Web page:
Imaging at the nanoscale is considered to play a vital role in a plethora of contemporary applications in physics, medicine, biology, materials science and other fields. Limitations of existing techniques are, for example, their imaging speed, resolution or the lack of potential to look behind opaque objects with any shapes.
However, imaging such as this would indeed be useful, example, for examining spongy electrodes, thus enabling to increase charging speed and capacity of future generation batteries.
In a research article titled "3D Nano-scale Imaging by Plasmonic Brownian Microscopy" published on Dec 15th, 2017, in Nanophotonics, the team headed by Prof. Xiang Zhang from the University of California in Berkeley demonstrated a technique with stunning properties.
"We wanted to overcome limitations of current nano imaging techniques and are excited to have found a way to image complex 3D nanostructures even with intricate internal structures such as cavities," explains Prof. Zhang.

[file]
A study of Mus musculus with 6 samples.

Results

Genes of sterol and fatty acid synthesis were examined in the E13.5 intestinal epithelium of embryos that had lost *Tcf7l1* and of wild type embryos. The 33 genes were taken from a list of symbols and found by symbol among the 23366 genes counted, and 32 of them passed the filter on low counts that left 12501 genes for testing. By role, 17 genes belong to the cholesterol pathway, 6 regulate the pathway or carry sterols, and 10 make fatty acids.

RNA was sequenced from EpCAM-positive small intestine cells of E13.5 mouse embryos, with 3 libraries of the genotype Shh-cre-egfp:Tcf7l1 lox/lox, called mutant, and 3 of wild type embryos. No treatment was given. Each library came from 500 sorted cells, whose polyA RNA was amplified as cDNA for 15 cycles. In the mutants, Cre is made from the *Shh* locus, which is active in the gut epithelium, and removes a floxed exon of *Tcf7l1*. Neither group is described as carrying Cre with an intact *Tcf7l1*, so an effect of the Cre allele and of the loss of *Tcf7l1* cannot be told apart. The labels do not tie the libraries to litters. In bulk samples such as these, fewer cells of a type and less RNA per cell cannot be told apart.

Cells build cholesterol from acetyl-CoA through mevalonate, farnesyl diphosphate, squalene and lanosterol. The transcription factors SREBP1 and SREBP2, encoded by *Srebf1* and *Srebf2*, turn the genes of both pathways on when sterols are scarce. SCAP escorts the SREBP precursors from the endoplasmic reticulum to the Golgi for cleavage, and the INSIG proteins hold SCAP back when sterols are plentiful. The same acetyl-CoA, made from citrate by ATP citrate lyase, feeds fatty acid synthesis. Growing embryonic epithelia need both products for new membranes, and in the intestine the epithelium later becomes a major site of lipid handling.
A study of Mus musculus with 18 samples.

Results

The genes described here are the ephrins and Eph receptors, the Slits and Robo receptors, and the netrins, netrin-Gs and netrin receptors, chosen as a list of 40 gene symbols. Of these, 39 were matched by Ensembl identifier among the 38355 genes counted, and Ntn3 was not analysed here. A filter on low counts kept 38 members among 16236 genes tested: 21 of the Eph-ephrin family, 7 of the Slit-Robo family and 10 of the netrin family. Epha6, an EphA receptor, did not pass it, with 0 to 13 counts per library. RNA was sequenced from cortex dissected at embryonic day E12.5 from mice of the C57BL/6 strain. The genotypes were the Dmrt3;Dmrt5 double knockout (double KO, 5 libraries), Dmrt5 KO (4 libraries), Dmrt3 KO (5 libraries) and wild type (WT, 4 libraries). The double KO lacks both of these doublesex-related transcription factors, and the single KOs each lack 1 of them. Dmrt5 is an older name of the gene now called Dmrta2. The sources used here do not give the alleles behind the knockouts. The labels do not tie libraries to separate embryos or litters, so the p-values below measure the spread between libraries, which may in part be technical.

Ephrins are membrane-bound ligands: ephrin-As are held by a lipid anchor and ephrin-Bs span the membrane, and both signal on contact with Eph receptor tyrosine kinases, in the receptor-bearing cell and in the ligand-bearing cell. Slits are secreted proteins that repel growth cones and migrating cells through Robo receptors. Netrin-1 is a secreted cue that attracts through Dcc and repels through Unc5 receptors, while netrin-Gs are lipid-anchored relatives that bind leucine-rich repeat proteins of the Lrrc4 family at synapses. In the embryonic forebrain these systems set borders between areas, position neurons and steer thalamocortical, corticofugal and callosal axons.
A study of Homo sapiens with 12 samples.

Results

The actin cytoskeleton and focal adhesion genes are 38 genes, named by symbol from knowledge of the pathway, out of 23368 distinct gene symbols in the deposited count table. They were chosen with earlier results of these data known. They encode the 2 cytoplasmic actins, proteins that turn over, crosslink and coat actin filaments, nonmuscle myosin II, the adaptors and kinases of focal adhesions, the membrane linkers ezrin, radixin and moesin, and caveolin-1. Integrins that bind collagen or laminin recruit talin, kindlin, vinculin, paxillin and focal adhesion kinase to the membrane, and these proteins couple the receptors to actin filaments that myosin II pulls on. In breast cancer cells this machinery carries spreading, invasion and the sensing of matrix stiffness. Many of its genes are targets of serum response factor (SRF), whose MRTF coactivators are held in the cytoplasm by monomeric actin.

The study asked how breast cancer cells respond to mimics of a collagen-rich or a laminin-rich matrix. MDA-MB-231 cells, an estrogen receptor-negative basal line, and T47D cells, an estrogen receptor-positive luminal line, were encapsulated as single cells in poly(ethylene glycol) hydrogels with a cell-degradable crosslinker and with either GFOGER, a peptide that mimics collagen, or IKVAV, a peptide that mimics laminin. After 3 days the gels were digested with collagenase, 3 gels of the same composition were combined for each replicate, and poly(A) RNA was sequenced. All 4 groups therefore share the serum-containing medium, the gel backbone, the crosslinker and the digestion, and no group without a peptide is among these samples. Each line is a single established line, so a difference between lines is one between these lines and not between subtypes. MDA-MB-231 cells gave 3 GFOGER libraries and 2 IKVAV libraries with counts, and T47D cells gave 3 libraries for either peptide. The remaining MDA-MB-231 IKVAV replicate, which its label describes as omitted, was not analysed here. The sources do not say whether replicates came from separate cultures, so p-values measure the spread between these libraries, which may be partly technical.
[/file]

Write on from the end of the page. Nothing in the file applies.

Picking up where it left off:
Nanoparticles are submerged in a fluid surrounding the object under study. By exploiting their unique properties when working together with light, each of the particles behaves as a light source, thus examining the object from all sides, even from behind overhangs and within any cavities. This new technique, with a resolution of 30 nm in all directions, provides true 3D imaging at the nanoscale.
Plasmonic Brownian Microscopy, besides being used in the technology sector, could also be used for mapping out the biological machinery within single cells, particularly those with complicated internal structures. This would help in further enhancing the understanding of the fundamental mechanisms of living organisms and could also lead to the development of new medical solutions.